How women leadership is underestimated

Women are 14% less likely than men to be promoted because they are consistently judged as having lower leadership potential than men. Women’s performance is rated higher than men’s on average. But their potential is rated lower. 

These are conclusions from a study of a large US retail chain by Professor Kelly Shue, Yale School of Management, Associate Professor Alan Benson of the University of Minnesota and Associate Professor Danielle Li of MIT.

“We show that the widely-used practice of forecasting workers’ “potential” as a basis for allocating training and job assignments contributes to gender gaps in promotion and pay”, the study says. 

It is based on promotion records from close to 30 000 staffers at the retail chain. More than half of entry-level workers—56%—are women. But higher up in the organisation, there are fewer and fewer women: women are 48% of department managers, 35% of store managers, and 14% of district managers.

The study concludes:

  • Our results show that there may be large gains from finding ways to de-bias assessments of potential. One approach is to boost potential ratings and promotion rates for women who are rated as low-potential and high-performing. Such women are rarely promoted despite their tendency to succeed when they are. 
  • An alternative approach would substitute indicators of potential with one that is less prone to stereotypes of who may be an effective leader.

“What is commonly talked about in terms of management and potential are characteristics such as assertiveness, execution skills, charisma, leadership, ambition,” Shue told Yale Insights. 

“These are, I believe, real traits. They’re also highly subjective and stereotypically associated with male leaders. And what we saw in the data is a pretty strong bias against women in assessments of potential.”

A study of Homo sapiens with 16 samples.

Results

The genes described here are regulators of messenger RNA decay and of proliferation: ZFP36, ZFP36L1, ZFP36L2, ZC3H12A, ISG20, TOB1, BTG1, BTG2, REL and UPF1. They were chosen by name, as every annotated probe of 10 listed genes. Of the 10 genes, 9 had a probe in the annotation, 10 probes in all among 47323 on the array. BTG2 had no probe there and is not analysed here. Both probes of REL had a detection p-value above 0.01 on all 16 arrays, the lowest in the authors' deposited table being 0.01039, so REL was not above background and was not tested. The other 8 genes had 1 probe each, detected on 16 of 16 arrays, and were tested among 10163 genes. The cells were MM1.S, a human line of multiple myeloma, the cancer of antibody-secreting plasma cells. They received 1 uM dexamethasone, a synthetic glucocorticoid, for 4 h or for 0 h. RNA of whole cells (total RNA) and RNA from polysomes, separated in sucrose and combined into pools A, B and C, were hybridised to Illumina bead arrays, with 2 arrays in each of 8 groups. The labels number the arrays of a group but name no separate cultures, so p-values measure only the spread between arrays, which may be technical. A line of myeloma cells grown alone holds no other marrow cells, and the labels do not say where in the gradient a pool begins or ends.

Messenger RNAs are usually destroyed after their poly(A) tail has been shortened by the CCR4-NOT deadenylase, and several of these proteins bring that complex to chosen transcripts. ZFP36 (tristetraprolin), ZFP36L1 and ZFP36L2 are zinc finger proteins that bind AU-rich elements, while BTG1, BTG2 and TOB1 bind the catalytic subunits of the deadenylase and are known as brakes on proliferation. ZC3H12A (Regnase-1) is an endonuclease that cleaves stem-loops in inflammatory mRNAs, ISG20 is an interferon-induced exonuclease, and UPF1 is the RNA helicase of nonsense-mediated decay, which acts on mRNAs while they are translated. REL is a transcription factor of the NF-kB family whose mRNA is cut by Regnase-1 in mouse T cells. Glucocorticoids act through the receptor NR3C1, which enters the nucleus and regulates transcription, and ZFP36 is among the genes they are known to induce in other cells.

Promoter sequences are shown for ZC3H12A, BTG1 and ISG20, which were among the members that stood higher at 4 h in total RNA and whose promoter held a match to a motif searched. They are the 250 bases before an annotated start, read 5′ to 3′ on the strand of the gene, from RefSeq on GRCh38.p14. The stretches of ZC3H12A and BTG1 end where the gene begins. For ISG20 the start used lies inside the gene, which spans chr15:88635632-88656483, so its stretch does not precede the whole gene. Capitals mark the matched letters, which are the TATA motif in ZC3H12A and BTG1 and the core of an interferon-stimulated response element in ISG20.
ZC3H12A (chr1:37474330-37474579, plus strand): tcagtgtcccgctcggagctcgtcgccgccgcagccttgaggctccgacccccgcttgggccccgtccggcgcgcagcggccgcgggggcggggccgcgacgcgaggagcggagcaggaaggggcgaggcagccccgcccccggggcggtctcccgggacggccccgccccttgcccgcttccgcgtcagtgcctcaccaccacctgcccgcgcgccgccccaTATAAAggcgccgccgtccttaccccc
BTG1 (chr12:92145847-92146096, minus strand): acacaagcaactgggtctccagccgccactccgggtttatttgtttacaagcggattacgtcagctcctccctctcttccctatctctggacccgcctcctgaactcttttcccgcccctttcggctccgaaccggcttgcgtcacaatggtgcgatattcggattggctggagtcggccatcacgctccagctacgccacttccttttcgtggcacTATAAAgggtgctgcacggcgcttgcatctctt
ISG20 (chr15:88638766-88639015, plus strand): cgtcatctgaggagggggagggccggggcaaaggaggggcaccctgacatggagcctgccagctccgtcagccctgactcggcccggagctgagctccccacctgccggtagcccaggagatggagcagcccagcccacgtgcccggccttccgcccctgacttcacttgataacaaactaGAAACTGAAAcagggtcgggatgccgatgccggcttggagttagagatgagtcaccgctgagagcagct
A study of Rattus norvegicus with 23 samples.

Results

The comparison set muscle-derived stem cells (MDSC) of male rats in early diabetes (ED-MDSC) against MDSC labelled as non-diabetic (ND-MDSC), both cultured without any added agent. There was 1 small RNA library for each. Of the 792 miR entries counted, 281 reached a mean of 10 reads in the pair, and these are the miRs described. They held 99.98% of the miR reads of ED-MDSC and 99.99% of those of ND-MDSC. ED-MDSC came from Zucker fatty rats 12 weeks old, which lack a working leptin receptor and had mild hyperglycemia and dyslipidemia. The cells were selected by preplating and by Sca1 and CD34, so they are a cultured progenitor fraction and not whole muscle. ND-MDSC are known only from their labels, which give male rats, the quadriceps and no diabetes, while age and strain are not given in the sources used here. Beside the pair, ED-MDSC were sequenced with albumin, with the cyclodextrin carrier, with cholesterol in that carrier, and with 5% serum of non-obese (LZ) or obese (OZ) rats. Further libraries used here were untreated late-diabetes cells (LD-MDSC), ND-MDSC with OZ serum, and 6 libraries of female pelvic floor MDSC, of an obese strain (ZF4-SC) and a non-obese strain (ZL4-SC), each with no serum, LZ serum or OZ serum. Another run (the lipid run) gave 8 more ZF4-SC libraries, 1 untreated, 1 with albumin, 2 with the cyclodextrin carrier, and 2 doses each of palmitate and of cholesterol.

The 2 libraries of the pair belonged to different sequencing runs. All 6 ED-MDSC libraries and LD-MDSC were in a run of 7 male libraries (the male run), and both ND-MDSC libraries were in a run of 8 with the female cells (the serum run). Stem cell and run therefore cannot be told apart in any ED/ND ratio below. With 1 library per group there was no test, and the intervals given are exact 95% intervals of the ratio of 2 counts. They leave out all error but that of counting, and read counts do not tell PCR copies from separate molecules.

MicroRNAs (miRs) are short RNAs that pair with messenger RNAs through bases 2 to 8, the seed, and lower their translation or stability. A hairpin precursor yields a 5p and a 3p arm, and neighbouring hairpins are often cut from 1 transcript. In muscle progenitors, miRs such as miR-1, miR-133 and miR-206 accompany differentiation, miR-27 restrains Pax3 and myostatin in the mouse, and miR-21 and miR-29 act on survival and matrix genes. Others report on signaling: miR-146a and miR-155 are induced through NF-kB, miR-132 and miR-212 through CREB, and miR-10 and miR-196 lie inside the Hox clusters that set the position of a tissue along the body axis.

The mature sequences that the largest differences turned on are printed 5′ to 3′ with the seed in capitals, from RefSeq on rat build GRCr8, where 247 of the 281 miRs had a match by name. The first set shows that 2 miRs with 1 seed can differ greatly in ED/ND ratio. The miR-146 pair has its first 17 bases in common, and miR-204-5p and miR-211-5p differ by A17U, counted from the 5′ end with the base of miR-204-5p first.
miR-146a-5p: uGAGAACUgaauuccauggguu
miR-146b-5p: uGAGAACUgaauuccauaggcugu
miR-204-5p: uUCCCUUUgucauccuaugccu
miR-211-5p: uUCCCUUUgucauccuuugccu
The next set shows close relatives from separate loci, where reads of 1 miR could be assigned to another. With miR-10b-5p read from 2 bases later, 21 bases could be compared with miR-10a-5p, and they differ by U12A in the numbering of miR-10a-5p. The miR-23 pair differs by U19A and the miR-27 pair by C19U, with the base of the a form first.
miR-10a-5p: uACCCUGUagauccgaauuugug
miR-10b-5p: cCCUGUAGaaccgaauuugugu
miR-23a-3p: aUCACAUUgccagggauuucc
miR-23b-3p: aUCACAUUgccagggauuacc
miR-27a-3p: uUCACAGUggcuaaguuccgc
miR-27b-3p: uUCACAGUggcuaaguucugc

While women receive higher performance ratings—they are 7.3% more likely than men to receive a “high” rating in performance—their potential ratings are 5.8% lower which explains the gap in promotions.

The study found that managers consistently underestimate women’s ability to perform in the future. Women continue to receive lower potential scores after they have demonstrated through their performance that the previous period’s potential score was inaccurate.

“Women get progressively lower potential scores relative to their actual future performance as we rise up the corporate ladder. So this is going to contribute to a stronger and stronger glass ceiling.”

 “Women get progressively lower potential scores relative to their actual future performance as we rise up the corporate ladder. So this is going to contribute, I think, to a stronger and stronger glass ceiling the higher up we go”, Shue said.

The study estimates that 70% of the gender pay gap at the company is attributable to gender differences in job levels.

The study found that female managers also give lower scores for potential to their high-performing women subordinates.